The City of Moab is asking the Bureau of Land Management to cancel plans to lease large swaths of public land around Moab to oil and gas developers.
The city council voted this week to oppose the entire lease sale, which has garnered national attention. It is scheduled to take place in September and includes around 85,000 acres in Grand and San Juan Counties. The land proposed for the sale includes acreage right next to Canyonlands National Park as well as Dead Horse Point State Park, and officials at both the city and county level worry energy development in that area could hurt Moab’s economy.
“Obviously, Moab’s economy is tourism and recreation driven,” said City Councilmember Kalen Jones. “And this is a massive industrial development that traverses some of our prime recreational areas.”
The BLM rejected applications from both Moab and Grand County to participate in the preparation of an environmental analysis for the sale, so Moab’s council is submitting a letter to the BLM as part of the public comment period. The letter outlines the reasons the council opposes the sale, which include the potential impact to its economy as well as concerns about light and air pollution.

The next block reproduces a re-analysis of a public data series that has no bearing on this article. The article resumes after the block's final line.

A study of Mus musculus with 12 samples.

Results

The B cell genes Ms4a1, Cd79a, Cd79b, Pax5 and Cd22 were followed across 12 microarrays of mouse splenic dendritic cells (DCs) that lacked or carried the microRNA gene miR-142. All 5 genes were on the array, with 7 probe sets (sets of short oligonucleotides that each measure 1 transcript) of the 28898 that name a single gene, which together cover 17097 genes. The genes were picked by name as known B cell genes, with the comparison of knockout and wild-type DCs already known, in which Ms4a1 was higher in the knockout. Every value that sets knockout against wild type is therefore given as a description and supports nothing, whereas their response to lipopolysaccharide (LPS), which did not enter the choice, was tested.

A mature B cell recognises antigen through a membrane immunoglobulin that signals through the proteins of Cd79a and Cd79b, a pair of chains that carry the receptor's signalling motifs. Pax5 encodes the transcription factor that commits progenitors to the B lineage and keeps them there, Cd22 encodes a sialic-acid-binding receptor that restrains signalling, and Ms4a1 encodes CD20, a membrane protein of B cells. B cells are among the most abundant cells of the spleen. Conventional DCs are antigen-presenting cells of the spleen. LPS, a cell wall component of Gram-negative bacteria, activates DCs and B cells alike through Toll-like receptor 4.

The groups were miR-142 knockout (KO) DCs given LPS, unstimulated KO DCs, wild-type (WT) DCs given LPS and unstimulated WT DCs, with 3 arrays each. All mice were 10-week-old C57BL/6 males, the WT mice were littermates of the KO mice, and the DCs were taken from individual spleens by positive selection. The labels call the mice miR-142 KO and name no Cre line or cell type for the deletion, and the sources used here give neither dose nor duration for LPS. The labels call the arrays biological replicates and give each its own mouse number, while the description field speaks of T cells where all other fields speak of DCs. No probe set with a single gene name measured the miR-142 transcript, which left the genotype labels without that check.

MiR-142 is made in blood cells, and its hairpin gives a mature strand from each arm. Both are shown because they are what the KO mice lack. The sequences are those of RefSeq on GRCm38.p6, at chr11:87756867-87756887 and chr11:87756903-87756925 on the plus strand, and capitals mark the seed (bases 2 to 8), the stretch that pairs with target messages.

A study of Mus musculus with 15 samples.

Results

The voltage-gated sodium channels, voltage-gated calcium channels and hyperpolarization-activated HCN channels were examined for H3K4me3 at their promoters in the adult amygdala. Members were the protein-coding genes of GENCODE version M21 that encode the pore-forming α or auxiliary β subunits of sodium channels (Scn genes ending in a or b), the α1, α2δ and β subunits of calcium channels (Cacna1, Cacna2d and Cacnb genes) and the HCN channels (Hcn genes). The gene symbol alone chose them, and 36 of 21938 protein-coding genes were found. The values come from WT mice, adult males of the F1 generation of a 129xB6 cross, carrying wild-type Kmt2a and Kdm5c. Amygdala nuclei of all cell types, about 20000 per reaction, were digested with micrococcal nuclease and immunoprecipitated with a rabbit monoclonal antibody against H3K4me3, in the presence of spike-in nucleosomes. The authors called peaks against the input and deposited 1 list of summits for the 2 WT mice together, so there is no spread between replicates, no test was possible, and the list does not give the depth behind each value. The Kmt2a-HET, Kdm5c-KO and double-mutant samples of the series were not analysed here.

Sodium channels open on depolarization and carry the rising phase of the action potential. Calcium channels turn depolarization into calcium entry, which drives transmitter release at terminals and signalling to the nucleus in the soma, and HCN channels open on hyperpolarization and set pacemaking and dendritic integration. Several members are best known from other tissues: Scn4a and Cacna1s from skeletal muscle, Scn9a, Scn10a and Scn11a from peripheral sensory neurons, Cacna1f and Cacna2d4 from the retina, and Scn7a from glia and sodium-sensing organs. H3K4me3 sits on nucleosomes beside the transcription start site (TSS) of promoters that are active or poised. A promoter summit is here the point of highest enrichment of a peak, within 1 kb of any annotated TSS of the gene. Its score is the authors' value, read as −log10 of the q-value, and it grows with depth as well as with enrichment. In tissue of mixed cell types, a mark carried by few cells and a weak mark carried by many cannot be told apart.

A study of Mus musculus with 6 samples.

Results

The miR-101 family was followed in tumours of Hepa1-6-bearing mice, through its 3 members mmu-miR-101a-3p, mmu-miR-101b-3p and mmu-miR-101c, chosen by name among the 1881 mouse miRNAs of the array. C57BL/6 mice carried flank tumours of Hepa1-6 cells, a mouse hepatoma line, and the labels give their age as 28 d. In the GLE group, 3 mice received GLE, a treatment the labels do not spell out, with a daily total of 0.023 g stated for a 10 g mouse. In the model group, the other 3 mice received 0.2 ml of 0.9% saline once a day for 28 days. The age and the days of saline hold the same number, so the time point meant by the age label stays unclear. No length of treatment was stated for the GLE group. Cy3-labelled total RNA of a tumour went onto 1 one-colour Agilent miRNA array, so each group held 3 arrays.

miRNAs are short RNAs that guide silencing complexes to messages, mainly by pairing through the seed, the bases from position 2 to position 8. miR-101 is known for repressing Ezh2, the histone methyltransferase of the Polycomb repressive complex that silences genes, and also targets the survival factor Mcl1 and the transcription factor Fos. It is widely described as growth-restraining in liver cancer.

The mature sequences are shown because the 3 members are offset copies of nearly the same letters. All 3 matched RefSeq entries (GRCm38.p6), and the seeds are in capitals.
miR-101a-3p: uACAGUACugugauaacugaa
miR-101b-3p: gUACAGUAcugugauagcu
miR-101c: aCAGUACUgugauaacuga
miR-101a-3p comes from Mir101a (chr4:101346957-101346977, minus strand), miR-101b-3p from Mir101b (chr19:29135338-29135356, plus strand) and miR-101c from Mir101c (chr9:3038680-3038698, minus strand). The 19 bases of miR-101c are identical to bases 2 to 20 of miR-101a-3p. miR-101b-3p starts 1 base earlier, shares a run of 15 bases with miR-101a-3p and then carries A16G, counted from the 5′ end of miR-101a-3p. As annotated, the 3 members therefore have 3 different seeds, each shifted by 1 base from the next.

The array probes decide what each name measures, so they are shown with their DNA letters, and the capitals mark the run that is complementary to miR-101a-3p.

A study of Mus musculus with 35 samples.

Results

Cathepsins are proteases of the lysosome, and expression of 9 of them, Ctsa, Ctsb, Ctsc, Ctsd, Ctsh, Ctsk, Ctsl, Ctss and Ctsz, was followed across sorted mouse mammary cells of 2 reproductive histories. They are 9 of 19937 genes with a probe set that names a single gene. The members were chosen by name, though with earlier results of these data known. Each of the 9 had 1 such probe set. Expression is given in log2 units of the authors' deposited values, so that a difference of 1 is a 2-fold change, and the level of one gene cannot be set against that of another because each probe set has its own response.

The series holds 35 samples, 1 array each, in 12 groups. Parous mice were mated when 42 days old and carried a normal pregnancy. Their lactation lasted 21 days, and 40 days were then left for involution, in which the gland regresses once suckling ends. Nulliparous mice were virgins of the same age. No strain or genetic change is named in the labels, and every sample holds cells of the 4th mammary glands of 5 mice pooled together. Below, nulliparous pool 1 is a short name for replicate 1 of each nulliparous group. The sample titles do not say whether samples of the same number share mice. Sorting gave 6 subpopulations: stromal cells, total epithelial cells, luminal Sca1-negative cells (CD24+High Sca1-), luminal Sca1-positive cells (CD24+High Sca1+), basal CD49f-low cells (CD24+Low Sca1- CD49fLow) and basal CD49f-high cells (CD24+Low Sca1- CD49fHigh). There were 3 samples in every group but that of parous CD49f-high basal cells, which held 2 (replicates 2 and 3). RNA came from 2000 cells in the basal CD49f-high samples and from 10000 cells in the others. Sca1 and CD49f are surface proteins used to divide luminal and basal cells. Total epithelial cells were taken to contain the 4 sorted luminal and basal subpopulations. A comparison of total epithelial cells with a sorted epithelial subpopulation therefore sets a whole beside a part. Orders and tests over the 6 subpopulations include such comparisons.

“The iconic views that drive Moab’s substantial tourism economy will be compromised by power lines, access roads, pipelines, air pollution, industrial truck traffic, and other developments,” the letter says.
Local officials at the county level share city officials’ concerns about increased traffic in popular recreation areas. Trucks and tankers would have to use Utah State Highway 313, a two-lane road that leads to Dead Horse Point and Canyonlands, to access much of the land. Data from the Utah Department of Transportation shows an average of 2,600 vehicles traveled on the 22 mile road per day in 2017, the latest year for which data was available.
“My main concern is increased truck traffic on 313 to all these trailheads,” said Grand County Councilmember Evan Clapper, who owns an outdoor tour company. “Trailhead parking lots are overflowing onto the shoulder of 313. There’s road cyclists pedaling on 313, there’s rock crawlers driving 10 miles an hour on 313.”
Clapper opposes the lease sale and said he is confident he can get the rest of the county council to vote to submit a letter asking the BLM to cancel the sale, like Moab. He plans to bring the subject up for a vote at their meeting on July 7.
But even if the county joins the city in opposing the sale, it won’t guarantee the sale is canceled.
“I’m unsure how the BLM will respond to our comments,” Clapper said. “I don’t even know that we’ll get a response, judging by the communication we’ve had with them so far.”
The public comment period for the lease sale closes July 9.